Annually, the Juried Student Exhibition at the Regional Arts Center brings a sampling of top student art to the gallery space, proving youthful minds can be just as creative as their adult counterparts, perhaps even more so.
That's the case this year with the 25th annual show, which opens Saturday with a public reception and runs through June 24. The reception includes People's Choice Award voting from 10 a.m. to 11:15 a.m. and an awards announcement at 11:45 a.m.
Merrie Wright served as this year's juror. She's the art department chairman at the University of Texas at Tyler. For the quality of artwork, she had plenty of high praise.
"Some of the works of art employ boldness and exhibit confidence; others are a platform for social or political commentary. I came across sheer joy and playfulness, as well as quiet poetry. I was struck by the honesty and authenticity in several works, a willingness to expose the truth, however painful or sorrowful it may be," she wrote in her juror's statement.
"Raw emotion came through in many works—not only in the narrative of the work, but also in the inventive way materials were manipulated and moved around within the work of art in a physically arresting way," Wright wrote.
Amy Donohoe, director of visual arts and community programs for the Texarkana Regional Arts and Humanities Council, also had plenty of positive observations about the show, including its sheer size.
This year they received 550 entries, up from 330 last year. "I'm happy so many regional and local schools are participating," Donohoe said, noting how refreshing it is to see young artists from the community and the work they create.
Selected were 50 elementary school works, 55 from middle schoolers and 70 from high school students, totaling 175 works. It is the most Donohoe's seen since she's been at TRAHC, and she said the juror had a tough time choosing with so much good work submitted.
"She really gave it some thought," Donohoe said.
For her part, Donohoe noticed a lot of portraits, mature and muted palettes and circular shape themes, among other yearly trends. Local artists from Texarkana included private students and students from both the Arkansas- and Texas-side school districts, as well as Pleasant Grove. A new participant was Chisum Independent School District from Paris, Texas.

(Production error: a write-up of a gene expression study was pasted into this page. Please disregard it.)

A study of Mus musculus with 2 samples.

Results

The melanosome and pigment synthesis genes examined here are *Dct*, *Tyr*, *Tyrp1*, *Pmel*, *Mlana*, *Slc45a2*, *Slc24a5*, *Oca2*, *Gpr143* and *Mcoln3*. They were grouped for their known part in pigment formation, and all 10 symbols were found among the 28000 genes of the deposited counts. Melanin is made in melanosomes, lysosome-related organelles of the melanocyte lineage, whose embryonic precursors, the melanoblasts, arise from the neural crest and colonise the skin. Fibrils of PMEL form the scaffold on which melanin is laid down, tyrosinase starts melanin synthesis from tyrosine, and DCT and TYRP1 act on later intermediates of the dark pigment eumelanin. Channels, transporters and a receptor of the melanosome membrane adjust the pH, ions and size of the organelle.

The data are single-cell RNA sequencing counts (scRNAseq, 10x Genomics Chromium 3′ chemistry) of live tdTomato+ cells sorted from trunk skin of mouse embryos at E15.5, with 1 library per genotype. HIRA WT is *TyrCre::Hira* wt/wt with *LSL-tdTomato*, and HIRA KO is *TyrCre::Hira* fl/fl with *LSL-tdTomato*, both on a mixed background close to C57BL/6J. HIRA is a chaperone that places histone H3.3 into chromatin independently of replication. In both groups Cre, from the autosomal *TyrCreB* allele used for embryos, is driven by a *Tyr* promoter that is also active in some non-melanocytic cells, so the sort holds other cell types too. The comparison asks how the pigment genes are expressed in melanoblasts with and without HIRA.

All three floors at the RAC and the basement gallery space are packed with student art.
"This year I was super impressed with the middle school entries. I've never seen such high quality entries as we've had this year, so I was really happy," Donohoe said. "Chisum Middle School really brought their A game, as well as the private instructors like Jeannie Knod Edwards. Her students did very well."
One exciting middle school piece was a thoroughly charming 3-D fox head made with upholstery fabric. "Kim McVay is their (North Heights Junior High) teacher and they had entered a whole slew of different animal heads. I was just so impressed with the ingenuity and the craftsmanship that they put into it," Donohoe said. "I have never seen anything like that."
Another work she points to as indicative of the middle school quality is a simple cat portrait that's really not so simple. It's created from many bits of paper pieced together ever-so-carefully to create a pixellated mosaic.
"This is all cut paper from magazines," Donohoe said. "She said she used 13 different magazines to create a portrait of this cat, a portrait of her Siamese cat."
Also employing paper were College Hill Middle School students who made origami shapes that made it into the show. "I love the color schemes that they chose and just the way that they presented them," Donohoe said. "It was really nice and had good craftsmanship."
(Admission is free. The Regional Arts Center is open from 10 a.m. to 4 p.m., Tuesday through Saturday, at 321 W. 4th St. in downtown Texarkana. More info: TRAHC.org or 903-792-8681.)